LOCAL STUDENTS SPEND HOLIDAYS SERVING IN VIETNAM, MEXICO CITY – Three local students, two from Greensboro and one from Mt. Airy, are among nearly 50 Wake Forest students who will be spending their holidays volunteering in foreign countries. Abby Bowman, a senior from Mt. Airy, and Phil Tennant, a senior from Greensboro, will leave Dec. 27 for Mexico City to volunteer in one of Mother Teresa’s Missionaries of Charity homes. Michael Diamond, a senior from Greensboro, will be part of a new service trip to Vietnam to work with Peacework Ambassadors. He will leave Dec. 29. To arrange an interview with these students, contact Sarah Mansell at email@example.com or 336-758-5237 before Dec. 20.
COLD TEMPS MAKE FOR ACHY KNEES – For sufferers of osteoarthritis of the knee, a drop in temperature often means a drop in mobility. But older adults can minimize the pain with exercise, says Steve Messier, professor of health and exercise science who has researched exercise’s effect on knee osteoarthritis. “Cold weather can make aching joints especially stiff,” he says. In a study published in The Journal of the American Medical Association, Messier and his colleagues showed that exercise improves mobility in people with osteoarthritis. In a new study started this fall and funded by General Nutrition Centers, he hopes to prove that exercise in combination with the popular supplements glucosamine and chondroitin will produce even better results for those patients. His advice during cold weather: maintain a regular exercise routine, even if you have to move indoors. To arrange an interview with Messier or for more information on his new study, contact Sarah Mansell at firstname.lastname@example.org or 336-758-5237.
WAKE WORKS, EVEN DURING THE HOLIDAY BREAK – While most of the campus community is away for the holiday, some members of the Wake Works staff will be busy staffing holiday parties around the Winston-Salem area. The business, a product of junior Matt Hinson’s experience as a part-time worker at a downtown hotel, provides waiters and waitresses, bartenders and valet parkers for various banquets and private events throughout the city. It has a staff of around 120 students and has grown into a company so successful that it is now franchising itself to other colleges and universities across the country. “We market employees that care about the job they do,” says Hinson, who trains his employees on five-star serving, wine selection and etiquette. For more information on Wake Works holiday schedule or to arrange an interview with Hinson, contact Sarah Mansell at email@example.com or 336-758-5237.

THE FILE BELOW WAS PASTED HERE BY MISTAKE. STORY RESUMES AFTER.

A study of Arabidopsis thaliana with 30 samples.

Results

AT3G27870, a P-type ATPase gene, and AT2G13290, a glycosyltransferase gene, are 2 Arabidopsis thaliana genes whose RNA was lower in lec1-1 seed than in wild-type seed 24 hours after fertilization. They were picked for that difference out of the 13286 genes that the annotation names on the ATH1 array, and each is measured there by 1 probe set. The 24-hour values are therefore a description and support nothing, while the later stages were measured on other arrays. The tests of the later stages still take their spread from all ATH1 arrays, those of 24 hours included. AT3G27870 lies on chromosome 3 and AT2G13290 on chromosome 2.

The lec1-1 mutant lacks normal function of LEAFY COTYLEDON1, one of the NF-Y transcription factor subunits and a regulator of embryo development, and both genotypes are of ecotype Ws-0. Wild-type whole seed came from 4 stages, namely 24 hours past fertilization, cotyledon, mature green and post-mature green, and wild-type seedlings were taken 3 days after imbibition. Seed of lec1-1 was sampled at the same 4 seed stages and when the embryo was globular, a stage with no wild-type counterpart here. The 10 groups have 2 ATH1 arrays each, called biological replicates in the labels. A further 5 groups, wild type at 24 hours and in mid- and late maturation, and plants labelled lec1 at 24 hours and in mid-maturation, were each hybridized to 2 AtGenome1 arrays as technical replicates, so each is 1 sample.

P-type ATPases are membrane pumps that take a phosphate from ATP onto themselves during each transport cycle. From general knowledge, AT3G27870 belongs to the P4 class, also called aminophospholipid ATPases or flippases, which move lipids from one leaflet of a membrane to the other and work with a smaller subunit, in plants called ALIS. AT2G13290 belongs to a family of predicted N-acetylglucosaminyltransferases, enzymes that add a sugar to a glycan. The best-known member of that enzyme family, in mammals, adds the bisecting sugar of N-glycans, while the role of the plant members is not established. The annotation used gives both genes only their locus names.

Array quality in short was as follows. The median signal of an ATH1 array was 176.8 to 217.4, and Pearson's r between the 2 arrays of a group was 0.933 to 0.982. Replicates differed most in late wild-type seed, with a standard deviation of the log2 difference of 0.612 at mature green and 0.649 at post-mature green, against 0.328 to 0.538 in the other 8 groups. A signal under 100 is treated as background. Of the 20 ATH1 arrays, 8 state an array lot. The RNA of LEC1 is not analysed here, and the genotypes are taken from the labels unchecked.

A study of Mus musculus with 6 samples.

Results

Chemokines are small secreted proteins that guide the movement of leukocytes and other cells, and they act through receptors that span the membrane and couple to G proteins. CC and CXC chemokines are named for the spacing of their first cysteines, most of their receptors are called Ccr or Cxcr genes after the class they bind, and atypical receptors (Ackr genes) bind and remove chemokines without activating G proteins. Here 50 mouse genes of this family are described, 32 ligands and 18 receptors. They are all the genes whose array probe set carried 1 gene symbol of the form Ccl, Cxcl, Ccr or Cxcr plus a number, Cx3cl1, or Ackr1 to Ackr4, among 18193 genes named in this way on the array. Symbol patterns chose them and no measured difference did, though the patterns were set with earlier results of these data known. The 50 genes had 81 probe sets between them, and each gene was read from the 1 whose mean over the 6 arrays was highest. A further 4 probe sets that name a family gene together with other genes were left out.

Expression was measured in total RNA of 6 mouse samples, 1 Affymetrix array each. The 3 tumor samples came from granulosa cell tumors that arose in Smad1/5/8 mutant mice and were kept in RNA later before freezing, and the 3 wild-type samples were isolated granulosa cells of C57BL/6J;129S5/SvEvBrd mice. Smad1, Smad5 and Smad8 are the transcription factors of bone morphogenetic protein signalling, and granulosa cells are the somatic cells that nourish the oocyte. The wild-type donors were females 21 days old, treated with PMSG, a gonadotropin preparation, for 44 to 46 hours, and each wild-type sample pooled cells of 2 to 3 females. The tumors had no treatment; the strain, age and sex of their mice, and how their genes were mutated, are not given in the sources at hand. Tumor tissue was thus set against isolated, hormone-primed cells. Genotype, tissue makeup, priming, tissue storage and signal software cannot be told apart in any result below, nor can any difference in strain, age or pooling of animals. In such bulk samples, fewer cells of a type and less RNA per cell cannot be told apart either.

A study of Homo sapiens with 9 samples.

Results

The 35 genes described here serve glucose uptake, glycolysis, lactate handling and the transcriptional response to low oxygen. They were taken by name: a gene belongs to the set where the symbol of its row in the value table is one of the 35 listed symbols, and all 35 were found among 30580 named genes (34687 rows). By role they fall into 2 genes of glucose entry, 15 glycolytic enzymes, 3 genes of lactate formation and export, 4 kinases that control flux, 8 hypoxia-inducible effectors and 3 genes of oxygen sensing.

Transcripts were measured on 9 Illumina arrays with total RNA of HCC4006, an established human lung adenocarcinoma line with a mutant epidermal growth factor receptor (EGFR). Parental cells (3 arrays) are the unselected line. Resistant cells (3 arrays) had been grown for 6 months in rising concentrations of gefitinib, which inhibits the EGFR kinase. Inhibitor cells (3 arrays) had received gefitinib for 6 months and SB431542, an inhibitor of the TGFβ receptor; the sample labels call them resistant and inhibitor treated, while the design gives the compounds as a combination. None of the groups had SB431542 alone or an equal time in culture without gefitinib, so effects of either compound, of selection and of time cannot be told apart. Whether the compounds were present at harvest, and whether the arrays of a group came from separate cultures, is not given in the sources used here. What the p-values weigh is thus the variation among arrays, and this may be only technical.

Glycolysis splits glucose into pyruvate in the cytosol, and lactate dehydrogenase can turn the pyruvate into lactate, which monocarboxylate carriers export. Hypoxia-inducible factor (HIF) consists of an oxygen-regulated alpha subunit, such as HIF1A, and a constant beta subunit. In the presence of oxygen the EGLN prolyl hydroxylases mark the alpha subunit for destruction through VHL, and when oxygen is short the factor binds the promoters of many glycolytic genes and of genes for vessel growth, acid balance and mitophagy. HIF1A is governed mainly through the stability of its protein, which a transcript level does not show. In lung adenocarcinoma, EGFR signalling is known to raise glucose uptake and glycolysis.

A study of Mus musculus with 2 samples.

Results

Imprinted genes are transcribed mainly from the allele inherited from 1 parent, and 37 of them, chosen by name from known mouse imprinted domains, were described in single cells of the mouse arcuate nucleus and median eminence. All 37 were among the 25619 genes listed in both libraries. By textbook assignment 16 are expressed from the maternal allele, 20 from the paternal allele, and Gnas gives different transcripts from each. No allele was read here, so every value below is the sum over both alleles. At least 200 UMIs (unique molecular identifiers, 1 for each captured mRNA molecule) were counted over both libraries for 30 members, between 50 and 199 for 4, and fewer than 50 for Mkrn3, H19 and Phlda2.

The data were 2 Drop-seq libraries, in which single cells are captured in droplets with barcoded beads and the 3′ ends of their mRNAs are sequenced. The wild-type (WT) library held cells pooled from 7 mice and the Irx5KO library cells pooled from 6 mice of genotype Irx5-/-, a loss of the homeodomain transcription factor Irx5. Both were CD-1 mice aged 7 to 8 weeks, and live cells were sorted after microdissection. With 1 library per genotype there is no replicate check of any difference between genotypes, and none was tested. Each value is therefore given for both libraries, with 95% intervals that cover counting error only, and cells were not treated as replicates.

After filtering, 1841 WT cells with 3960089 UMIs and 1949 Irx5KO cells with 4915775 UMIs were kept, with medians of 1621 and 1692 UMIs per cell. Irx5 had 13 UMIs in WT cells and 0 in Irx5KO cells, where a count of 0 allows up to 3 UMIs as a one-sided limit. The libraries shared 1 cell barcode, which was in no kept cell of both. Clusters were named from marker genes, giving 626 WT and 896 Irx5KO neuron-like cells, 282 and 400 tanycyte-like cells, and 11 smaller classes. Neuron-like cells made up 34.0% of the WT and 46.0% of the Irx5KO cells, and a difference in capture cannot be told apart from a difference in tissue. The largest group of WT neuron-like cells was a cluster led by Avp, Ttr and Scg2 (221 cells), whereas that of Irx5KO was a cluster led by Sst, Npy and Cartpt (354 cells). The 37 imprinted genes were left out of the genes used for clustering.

DON’T LET WINTER WINDS STOP YOUR EXERCISE ROUTINE – Even though chilly winds and bitter cold may give an initial shudder, there is an advantage to exercising in the cold, says Don Bergey, an exercise coordinator for the Wake Forest Cardiac Rehabilitation Program. “Exercise generates its own body heat, which helps keep you warm,” he says. Bergey works with the nearly 200 patients in the cardiac rehab program on maintaining their exercise routines when the weather turns cold. He suggests wearing layers so as not to overheat, covering extremities with gloves or mittens and a hat, and head out into the wind so it is at your back on the return. For more cold weather exercise tips from Bergey, contact Sarah Mansell at firstname.lastname@example.org 336-758-5237.
MAKING NEW YEAR’S RESOLUTIONS AS A FAMILY – Most people think about making individual resolutions as Jan. 1 approaches, but families can also use the turning of the calendar year to set goals. “Like merchants, families should take inventory,” says Samuel T. Gladding, professor of counselor education at Wake Forest. “And, New Year’s is a good time to do it.” Gladding, author of several books on family and group counseling, says family resolutions can be fun and fulfilling in that they help families be proactive rather than reactive. “Many families get caught up in routine — it becomes comfortable, but sometimes it is not growth-promoting,” he says. Have a family meeting on Jan. 1, says Gladding, to take stock of what would make life better for the group. To arrange an interview with Gladding, contact the News Service at 336-758-5237.
TO EAT, OR NOT TO EAT THAT HOLIDAY TREAT – The secret to maintaining healthy eating habits during the holidays lies in the answer to one question, says a Wake Forest nutrition expert. “Ask yourself if it’s worth it,” says Gary Miller, an associate professor of health and exercise science. “Save your calories for the foods and drinks that you really enjoy.” Miller suggests finding fat-free or low-calorie ingredients as substitutes in some holiday foods, like skim milk in place of cream or applesauce in place of cooking oils. “Set limits for yourself before the holiday season begins,” Miller says. “Like allowing one or two specialty sweets per day or limiting your portion size of certain foods and drinks.” Miller also cautions against skipping meals prior to a big party. He says that will only encourage overindulgence on the higher-calorie finger foods. To arrange an interview with Miller, contact Sarah Mansell at email@example.com or 336-758-5237.
END OF SEMESTER – The final exams of fall semester will end Dec. 14 for students in the College of Arts and Science, the Calloway School of Business and Accountancy, the Graduate School and the Divinity School. Residence halls close Dec. 15. Exams are already complete for the Wake Forest School of Law and Babcock Graduate School of Management.
NEWS SERVICE CLOSED – The News Service, along with all administrative offices at Wake Forest, will be closed Dec. 23 – Dec. 27 for the holiday break. To reach the News Service during this time, call 336-758-5237 and follow the directions on the voice mail.